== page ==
You can use MarvinJS to draw chemical structures and reactions, and import from or export to standard formats such as mol or SMILES. MarvinJS supports 3D rotation of structures and sophisticated structure search.

The full documentation for this service can be found here. The following is a quick-start guide about how to start using the Chemistry editor in RSpace.

Enabling Chemaxon Integration

First of all, make sure that the Chemistry feature is enabled. Go to the Apps tab and enable Chemistry:

Creating Chemical Structures

To draw a chemical structure, create or open a document and open the Chemaxon structure editor by clicking on the benzene ring icon in the Text Editor toolbar, or clicking ‘Insert’ > ‘Structural formula’.

Use the Chemaxon Marvin sketcher tools to build your structure out of combinations of elements. You can draw molecules and reactions. Save it to your RSpace document, where an image of it will be placed in the text where the cursor was placed when opening the editor. Alternatively you can import existing structures in common formats such as mol, using the tool’s Import feature.

You can export these structures in various standard formats using the ‘Export’ button in the Marvin Sketcher toolbar.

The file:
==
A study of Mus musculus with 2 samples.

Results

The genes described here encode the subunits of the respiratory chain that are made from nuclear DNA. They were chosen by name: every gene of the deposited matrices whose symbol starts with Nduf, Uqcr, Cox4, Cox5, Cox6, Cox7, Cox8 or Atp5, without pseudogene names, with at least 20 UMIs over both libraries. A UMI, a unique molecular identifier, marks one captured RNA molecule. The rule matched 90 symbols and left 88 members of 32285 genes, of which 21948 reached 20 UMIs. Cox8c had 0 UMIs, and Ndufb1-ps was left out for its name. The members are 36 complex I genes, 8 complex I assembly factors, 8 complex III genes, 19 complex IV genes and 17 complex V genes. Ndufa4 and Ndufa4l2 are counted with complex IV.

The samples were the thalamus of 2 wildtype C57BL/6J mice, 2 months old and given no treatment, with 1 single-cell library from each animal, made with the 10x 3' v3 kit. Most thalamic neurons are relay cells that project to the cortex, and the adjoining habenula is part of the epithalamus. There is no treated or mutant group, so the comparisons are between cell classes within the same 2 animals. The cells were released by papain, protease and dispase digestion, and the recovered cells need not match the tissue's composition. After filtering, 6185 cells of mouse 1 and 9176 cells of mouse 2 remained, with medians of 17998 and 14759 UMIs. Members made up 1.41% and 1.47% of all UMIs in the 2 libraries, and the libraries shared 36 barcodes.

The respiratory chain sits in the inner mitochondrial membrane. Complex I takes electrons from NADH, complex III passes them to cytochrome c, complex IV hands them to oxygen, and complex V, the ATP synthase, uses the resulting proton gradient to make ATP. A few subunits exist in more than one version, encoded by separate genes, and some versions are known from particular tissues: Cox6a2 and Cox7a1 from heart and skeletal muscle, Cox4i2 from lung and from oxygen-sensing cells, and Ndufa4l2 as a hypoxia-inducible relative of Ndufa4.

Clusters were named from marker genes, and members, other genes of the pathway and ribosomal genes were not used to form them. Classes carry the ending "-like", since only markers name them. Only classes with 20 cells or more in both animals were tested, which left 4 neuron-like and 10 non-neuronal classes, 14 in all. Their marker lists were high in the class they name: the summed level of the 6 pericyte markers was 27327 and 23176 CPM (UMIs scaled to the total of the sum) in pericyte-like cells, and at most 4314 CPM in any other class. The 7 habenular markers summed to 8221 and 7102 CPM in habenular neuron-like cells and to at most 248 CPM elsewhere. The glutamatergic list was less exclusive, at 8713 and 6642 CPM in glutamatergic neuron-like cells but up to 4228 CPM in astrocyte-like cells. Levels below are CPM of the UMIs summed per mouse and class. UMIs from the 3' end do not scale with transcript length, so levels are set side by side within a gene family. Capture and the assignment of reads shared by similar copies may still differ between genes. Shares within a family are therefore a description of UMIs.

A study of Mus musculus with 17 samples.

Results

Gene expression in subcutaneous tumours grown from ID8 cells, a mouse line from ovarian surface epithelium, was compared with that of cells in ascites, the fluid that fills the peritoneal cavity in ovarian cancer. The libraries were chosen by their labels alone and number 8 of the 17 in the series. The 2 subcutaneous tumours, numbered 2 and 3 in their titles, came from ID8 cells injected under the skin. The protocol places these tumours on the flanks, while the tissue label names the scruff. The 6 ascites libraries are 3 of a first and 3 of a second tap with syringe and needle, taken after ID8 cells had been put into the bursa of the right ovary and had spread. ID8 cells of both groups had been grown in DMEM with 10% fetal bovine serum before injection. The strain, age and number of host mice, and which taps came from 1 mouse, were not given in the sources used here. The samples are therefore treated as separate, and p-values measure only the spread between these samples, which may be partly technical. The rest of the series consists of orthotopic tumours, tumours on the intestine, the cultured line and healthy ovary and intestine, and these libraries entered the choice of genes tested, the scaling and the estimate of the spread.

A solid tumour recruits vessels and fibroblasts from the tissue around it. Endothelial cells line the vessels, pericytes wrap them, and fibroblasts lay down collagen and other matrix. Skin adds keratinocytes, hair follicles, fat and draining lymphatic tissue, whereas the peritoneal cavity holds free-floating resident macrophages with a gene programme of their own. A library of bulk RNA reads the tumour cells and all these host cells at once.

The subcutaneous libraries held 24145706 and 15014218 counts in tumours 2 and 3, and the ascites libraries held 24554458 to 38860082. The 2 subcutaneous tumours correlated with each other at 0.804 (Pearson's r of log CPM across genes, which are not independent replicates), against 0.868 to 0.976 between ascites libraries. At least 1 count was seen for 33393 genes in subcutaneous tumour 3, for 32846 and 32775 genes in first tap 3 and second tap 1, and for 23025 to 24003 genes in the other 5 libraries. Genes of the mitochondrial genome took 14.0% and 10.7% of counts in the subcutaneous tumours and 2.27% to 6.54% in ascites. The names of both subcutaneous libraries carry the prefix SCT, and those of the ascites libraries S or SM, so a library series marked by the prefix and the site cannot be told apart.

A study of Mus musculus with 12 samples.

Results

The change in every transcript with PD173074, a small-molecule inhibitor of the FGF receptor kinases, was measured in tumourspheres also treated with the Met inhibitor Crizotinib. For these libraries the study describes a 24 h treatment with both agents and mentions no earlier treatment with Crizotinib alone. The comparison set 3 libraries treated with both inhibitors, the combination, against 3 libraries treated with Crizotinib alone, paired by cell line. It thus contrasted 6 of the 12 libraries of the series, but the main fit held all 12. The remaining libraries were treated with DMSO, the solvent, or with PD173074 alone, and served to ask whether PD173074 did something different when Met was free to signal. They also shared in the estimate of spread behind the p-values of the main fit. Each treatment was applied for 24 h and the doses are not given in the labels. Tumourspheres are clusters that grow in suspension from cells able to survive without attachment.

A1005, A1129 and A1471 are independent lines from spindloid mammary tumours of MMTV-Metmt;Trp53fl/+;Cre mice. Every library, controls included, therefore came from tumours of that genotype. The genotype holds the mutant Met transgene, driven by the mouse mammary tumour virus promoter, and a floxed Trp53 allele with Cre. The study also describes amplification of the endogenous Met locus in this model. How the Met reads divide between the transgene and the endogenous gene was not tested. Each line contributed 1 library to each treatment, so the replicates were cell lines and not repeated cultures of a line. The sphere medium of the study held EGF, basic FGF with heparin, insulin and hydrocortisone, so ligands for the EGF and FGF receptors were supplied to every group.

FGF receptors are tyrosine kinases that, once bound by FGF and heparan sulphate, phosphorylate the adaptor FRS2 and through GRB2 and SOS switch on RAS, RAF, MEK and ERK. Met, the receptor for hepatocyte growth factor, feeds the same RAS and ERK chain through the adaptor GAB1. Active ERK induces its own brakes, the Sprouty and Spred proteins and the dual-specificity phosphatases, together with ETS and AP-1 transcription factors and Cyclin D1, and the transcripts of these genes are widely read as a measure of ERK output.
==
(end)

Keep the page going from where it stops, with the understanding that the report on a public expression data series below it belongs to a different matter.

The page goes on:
To edit an existing chemical structure, select it in the document, then click on the benzene-ring icon to open the editor again. The image remains fully editable at all times.

Searching for Chemical Structures

Chemical structures, or elements used in them, can be searched for using ChemAxon’s structure search feature. The search mechanism is located in the drop-down options of the main Workspace search, at the top right of the Workspace view.

There are various types of chemical search, the default is substructure search. Chemaxon’s documentation gives full information about the characteristics of each search type.
When you open the Chemical Search dialog, draw the structure (whole or part) query, then click Search:

Documents that contain chemical search hits are listed, together with an image of the search hit. You can click on the document to open it. The screenshot below shows some example search results.